John Blenkinsop was the manager of Middleton Colliery. Blenkinsop wanted to find a way of reducing the cost of transporting coal to the nearby town of Leeds. In 1811 Blenkinsop joined forces with Matthew Murray, an engineer from Leeds to produce a locomotive for the colliery.
Blenkinsop wanted a locomotive that could be used to transport coal from Middleton Colliery to Leeds. Blenkinsop and Murray rejected the idea that a steam locomotive with smooth wheels on a smooth rail would have sufficient adhesion to propel itself and a load. They therefore experimented with producing a rack railway.
The Salamanca (named after a battle in the Peninsular War) locomotive, with its cog-toothed driving wheels, first appeared in public on 24th June, 1812. The locomotive had two vertical cylinders within the top of the boiler, and the pistons drove the rack wheels through rods and pinions. The locomotive weighed 5 tons and on a level track was capable of hauling a load of 90 tons at 4 mph. Blenkinsop's locomotive was a great success and with Murray's help he produced three more. A local artist, George Walker, produced the first ever painting of a locomotive when he visited Middleton Colliery in 1814.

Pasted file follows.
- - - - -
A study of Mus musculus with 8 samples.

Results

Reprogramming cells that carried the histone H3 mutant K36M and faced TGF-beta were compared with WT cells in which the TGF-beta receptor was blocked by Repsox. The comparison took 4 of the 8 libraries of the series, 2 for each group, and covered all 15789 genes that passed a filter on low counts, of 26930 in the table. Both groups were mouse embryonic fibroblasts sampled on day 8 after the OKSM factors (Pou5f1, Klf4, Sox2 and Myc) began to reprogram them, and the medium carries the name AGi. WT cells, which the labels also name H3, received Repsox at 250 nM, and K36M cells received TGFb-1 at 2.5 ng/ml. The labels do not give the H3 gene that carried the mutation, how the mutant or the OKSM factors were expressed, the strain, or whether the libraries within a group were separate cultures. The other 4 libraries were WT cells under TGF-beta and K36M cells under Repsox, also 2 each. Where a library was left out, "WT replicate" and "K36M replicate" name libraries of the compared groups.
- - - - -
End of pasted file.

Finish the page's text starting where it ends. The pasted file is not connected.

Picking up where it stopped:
The Blenkinsop locomotives were fairly expensive to use and heavy wear took place between the driving gear wheel and the horizontal rack. Despite these problems, the four Blenkinsop locomotives were used at Middleton Colliery until the mid 1830s.
Mr Blenkinsop of Leeds took out a patent for a racked or tooth-rail laid along one side of the road, into which the toothed-wheel of his locomotive worked as pinions work into a rack. The engine had two cylinders, instead of one as in Trevithick's engine. The invention of the double cylinder was due to Matthew Murray of Leeds, one of the best mechanical engineers of his time.